The Muscatine School Board meets Monday, Aug. 12 with plans to discuss a name for the district’s combined middle school opening next school year.
In June, the Muscatine Community School District Middle School Transition Committee voted to recommend the name “Muscatine Junior High School.”
Community support, however, was strong for a different name: Susan Clark, a 12-year-old African-American girl whose father sued Muscatine in the late 1800s so his daughter could attend the all-white neighborhood school. She graduated with honors in 1871.
In a statement after the committee’s June meeting, members urged the school district to “develop a plan to recognize individuals and/or families from Muscatine who have had a great impact to the community.”
Jean Clark, a special education teacher at Muscatine High School for 27 years, is urging the school board to put that plan into action now, and asks people to turn out to the school board meeting in support of the name Susan Clark Junior High School.
Below is her reasoning, in her own words:
“I think we as a community have a very special opportunity right now as we consider what to name our new combined middle school/junior high. It’s an opportunity that happens once in a lifetime. And it’s an opportunity to educate the community and shine a spotlight on a local girl who impacted our state and the nation.
We have an amazing local history regarding civil rights and the desegregation of public schools. Unfortunately, not many people know about the courageous actions of Susan Clark. Yes, it was her father, Alexander Clark, who sued the school board in 1867 so 12-year-old Susan could attend the white, neighborhood school. But it was young, teen Susan who walked the halls daily from 1868 to 1871 when she graduated with honors from MHS.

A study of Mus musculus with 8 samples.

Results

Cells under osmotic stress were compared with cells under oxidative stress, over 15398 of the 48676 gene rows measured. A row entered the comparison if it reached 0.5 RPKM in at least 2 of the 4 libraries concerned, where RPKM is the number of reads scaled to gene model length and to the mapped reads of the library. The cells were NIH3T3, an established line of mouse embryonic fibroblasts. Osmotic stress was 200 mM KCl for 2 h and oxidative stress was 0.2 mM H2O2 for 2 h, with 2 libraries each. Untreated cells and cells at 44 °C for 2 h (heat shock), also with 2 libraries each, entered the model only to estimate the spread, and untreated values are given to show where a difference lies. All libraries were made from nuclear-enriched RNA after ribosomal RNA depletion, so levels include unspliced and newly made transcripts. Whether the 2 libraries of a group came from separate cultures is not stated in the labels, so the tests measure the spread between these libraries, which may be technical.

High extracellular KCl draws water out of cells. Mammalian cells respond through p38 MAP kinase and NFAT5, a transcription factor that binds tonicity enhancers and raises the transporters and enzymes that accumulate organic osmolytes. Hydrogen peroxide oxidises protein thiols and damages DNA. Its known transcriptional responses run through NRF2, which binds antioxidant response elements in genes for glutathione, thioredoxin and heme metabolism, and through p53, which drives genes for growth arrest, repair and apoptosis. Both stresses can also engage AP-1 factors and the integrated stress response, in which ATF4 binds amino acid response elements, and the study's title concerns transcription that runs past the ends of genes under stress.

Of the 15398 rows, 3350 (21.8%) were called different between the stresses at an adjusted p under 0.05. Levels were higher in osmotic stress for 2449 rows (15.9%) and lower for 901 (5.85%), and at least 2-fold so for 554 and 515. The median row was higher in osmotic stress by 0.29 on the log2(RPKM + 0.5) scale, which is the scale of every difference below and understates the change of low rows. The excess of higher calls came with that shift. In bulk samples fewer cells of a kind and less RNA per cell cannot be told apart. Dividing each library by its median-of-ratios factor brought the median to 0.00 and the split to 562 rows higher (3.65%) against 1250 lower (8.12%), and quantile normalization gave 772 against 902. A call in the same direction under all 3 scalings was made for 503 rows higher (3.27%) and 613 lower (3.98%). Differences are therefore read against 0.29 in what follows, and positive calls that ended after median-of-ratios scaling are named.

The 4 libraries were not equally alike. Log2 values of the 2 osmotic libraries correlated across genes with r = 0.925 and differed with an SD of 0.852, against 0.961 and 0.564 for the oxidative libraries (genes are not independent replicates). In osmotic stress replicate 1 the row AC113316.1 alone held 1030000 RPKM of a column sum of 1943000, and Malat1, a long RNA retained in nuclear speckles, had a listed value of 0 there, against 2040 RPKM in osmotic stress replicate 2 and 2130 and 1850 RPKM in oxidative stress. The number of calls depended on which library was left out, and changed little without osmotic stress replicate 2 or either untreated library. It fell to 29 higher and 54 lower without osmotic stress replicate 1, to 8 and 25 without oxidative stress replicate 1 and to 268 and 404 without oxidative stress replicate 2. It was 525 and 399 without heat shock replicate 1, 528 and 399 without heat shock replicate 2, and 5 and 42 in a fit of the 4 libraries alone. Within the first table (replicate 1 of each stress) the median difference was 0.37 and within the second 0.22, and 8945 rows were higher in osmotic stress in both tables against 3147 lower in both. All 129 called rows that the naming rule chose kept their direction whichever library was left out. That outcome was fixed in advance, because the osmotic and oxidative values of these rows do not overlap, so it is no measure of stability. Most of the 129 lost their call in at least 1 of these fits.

Think of the courage, grace, and determination it took! What a role model for our students.
The 1868 Iowa Supreme Court ruling desegregating Muscatine — and all Iowa schools — happened 86 years before the U.S. Supreme Court desegregation ruling of Brown versus the Board of Education. Susan’s case was cited as precedence in this landmark U.S. school desegregation case.
We can help our students, community, and state learn this important history by naming our junior
high after her.
Muscatine doesn’t have any schools named after women–and Iowa and the U.S. have very few. We are getting ready to celebrate 100 years of women having the right to vote, and it’s just been 150 years since Susan Clark integrated Iowa schools.
What a perfect time to name the junior high after Susan and send a very clear message to our students — and the community, and the world — that women and girls DO matter, and that they DO have a place in history, and they HAVE helped shape laws and policies.
Choosing this unique name for our school would be a bold move — it’s not the original generic recommendation of the committee or staff. But just as young Susan Clark was bold in asserting her right to a better education, I hope our school district is bold enough to RECONSIDER its recommendation and LEAD the community in honoring this amazing young woman by choosing Susan
Clark as the name for the new junior high.”
The Muscatine School Board meets Aug. 12 at 7 p.m. at City Hall.